Feeling good about the U.S. GP? Then don’t read this


There are two intended audiences, which should — should — cover just about everyone reading.

Audience No. 1: North American motorsport fans.

Audience No. 2: Non-North American motorsport fans.

My words for both regard this blog post at ESPN, by a guy, Ryan McGee, who I think we can agree knows a lot about sports with engines, who has seen a lot of the business develop or try to develop in America and who might — might — have a bias against Formula 1 nudging into NASCAR territory. (That last bit, I don’t know. It’s a could be, I guess.)

In short, he doesn’t paint a very rosy picture of the Austin grand prix’s prospects. But before we despair, my public service cautions. First, to non-North American race fans:

The fact that ESPN is paying even a blog’s worth of attention to the Austin race is a bit of a big deal. Formula 1 is fairly low on our major sports channel’s radar screen. I can’t easily remember the last time I saw coverage on its signature Sportscenter show. Yes, F1 races get some coverage online as part of ESPN’s “racing” section, but it gets lumped in with everything non-NASCAR.

ESPN has a strangely symbiotic relationship with the sports it covers. It televises sports so it has a vested interest in promoting those sports, too. It isn’t as editorial clean and free as a newspaper or even a Sports Illustrated would be.

And I won’t even go into “The Decision.”

So for ESPN to be paying attention is good. It is a big part of what F1 and the Austin promoters need. I honestly think they are at the point where any — any — news is good news. Bringing Max Mosley to Austin and ensuring he gets caught with a Texas-sized stripper might be the best thing the promoters could do.

So the tone you will read — keep in context. Formula 1 is still that “European” sport that could be made fun of so easily in Talledega Nights. And with F1 coverage tied to Fox Sports — an ESPN competitor — then you really have to just keep in mind the other factors going into ESPN coverage.

Now, you North American fans, who with several of us at F1B have to suffer as fans of a relatively obscure sport. (Maybe this doesn’t apply to you Canadians, as I think about it. Lucky such-and-suches.)

A lot of the above should be familiar, but maybe it’s a healthy reminder — especially of the Fox vs. ESPN dynamic. I don’t want to put too much credence in that, but I don’t want to discount it, either.

For us, probably the best thing that could happen would be for Fox to see this as an opportunity to claim a sport that it has the rights too. And then promote the heck out of it across its many media platforms.

Fox and Friends in the morning? They should have Michael Schumacher on. The Simpsons should do an F1-themed show. Rupert Murdock’s many news papers — say, doesn’t he own the Wall St. Journal — should be covering this sport.

Synergy, people, synergy!

All that aside, though, you North American — especially U.S. — fans probably have painful memories of a few of the items the ESPN blog covers. It’s a good reminder that we need to keep some caution mixed with our optimism.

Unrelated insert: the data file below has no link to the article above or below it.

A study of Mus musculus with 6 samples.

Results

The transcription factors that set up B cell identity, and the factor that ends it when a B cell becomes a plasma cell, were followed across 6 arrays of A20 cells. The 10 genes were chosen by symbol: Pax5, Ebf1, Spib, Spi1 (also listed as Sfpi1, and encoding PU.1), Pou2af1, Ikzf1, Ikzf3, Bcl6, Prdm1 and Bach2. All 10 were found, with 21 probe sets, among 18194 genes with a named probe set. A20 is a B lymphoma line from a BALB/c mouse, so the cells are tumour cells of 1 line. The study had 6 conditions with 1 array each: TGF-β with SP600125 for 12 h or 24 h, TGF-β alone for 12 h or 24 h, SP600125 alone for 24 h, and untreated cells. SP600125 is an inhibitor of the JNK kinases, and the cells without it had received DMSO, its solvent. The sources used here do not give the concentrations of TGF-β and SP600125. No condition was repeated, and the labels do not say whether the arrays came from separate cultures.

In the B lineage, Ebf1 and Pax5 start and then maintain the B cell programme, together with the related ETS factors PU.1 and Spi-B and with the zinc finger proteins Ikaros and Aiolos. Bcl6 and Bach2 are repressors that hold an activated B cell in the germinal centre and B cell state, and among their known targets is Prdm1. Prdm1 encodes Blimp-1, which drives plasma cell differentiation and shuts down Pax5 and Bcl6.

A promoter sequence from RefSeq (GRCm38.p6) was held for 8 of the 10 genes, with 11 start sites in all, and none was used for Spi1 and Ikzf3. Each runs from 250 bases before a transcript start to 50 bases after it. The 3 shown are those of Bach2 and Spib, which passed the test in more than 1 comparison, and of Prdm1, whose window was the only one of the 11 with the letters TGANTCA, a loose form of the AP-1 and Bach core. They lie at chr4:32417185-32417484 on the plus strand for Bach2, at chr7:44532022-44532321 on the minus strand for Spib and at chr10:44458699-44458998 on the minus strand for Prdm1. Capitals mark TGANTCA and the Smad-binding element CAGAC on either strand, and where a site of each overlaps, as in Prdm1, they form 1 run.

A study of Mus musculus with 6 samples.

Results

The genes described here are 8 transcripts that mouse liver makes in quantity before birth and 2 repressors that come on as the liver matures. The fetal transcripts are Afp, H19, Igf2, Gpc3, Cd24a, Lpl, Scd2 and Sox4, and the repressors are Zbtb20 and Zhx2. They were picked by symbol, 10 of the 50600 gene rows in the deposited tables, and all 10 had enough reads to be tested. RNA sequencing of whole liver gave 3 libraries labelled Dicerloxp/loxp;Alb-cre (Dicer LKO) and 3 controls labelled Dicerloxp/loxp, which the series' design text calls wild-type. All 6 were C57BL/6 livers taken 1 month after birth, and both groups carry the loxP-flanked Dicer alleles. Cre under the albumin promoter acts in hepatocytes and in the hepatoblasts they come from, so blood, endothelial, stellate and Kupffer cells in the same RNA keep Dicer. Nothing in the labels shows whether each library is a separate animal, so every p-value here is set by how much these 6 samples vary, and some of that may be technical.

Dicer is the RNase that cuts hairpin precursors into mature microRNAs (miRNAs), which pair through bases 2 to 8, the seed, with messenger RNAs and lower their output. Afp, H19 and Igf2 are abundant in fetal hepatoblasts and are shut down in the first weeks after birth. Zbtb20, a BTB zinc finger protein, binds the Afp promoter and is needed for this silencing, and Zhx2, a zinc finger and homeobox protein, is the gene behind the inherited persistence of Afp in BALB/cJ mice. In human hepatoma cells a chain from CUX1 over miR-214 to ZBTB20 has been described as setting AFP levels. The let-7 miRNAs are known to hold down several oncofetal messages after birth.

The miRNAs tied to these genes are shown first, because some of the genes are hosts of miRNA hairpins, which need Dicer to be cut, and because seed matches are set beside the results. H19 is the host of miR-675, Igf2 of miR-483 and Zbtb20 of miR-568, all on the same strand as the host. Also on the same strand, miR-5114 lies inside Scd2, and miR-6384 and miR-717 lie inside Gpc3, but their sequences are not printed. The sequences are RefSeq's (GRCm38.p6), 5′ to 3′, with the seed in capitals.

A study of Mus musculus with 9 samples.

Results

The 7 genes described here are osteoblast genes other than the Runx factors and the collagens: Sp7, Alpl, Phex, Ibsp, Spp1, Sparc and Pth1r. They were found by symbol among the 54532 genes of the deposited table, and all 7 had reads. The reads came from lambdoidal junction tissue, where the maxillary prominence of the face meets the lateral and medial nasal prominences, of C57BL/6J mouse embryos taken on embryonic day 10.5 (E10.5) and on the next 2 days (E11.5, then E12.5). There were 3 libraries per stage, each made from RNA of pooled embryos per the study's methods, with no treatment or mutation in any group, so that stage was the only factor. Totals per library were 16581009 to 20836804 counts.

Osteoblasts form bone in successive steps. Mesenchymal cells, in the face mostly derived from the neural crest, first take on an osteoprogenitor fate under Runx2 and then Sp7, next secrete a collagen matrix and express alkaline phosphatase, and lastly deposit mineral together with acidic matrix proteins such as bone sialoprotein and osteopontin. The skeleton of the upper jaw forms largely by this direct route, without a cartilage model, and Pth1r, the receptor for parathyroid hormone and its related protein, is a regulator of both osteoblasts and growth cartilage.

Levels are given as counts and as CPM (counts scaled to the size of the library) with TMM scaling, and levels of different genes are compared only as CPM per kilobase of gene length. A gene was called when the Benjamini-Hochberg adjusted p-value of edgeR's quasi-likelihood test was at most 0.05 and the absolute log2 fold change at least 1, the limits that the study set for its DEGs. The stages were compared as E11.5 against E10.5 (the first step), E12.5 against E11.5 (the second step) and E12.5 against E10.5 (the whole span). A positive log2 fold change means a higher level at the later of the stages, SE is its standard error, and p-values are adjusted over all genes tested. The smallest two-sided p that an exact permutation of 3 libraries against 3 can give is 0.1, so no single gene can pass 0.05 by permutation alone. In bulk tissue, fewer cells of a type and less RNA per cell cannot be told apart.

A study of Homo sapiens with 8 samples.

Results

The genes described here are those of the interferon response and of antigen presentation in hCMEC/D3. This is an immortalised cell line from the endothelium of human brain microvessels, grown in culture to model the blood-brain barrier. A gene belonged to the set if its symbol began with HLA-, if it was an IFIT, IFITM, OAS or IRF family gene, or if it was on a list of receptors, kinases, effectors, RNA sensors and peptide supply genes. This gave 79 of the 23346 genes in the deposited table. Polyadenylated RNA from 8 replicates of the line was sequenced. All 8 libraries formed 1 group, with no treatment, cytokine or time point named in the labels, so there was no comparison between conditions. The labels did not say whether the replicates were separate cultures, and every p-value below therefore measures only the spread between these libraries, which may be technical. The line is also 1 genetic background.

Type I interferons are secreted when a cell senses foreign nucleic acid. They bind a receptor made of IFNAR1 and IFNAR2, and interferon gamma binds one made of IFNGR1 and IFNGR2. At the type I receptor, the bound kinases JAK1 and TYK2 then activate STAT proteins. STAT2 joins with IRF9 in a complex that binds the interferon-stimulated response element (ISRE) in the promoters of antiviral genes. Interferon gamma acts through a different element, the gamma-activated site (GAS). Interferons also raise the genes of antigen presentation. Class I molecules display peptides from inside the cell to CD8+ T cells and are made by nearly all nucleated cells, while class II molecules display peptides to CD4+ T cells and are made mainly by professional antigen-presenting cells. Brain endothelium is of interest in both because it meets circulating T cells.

And I can tell you with 212% confidence that if we don’t all pull for the race — not uncritically, because smart criticism can help make the final race better — it may end up in the “file folder” McGee has sitting there in his office.

Public service complete. Here are a few excerpts:

Why am I so jaded? Why am I not excited about the prospect of a custom Hermann Tilke-designed, state-of-the-art course being built in the U.S.? Why am I, the writer who went to Montreal last month and almost drooled onto Fernando Alonso’s Ferrari, not salivating about this new track?

Because here in my office where I currently type I literally have a file packed with nearly two decades of news releases, all promising new racetracks, racing series and teams … none of which ever actually existed or at best tripped over their own shoes coming out of the starting gate. On Monday, when the Austin news conference was announced, I realized that I am not alone in my eyebrow-raising. Within minutes my Twitter account was crackling with correspondence from colleagues throughout the motorsports media centers. We collectively shuddered as we recounted the long list of phantom launches we’ve had to endure.


But our list of whiffs isn’t limited merely to racetracks. The roster of race teams, series and sponsors that barely, if ever, made it past the news release is even longer. (Speedblock and Big Daddy’s BBQ Sauce, where you at?)

I have shaken hands with billionaires, movie stars and sports heroes, all announcing that they were ready to become team owners. Some did get started, only to vanish just as quickly. Others never made it as far as purchasing a tool box. Alex Meshkin, Bobby Ginn, Tim Brown, the Wayans brothers, Jackie Joyner Kersee, Terrence Mathis, I’m looking at you.


So perhaps now you can understand my cynicism when a group of Texans I’ve never heard of announce that they are building a world-class racetrack in the middle of nowhere, backed by a billionaire, with plans to host a decade of racing by the world’s richest, most prestigious motorsports series.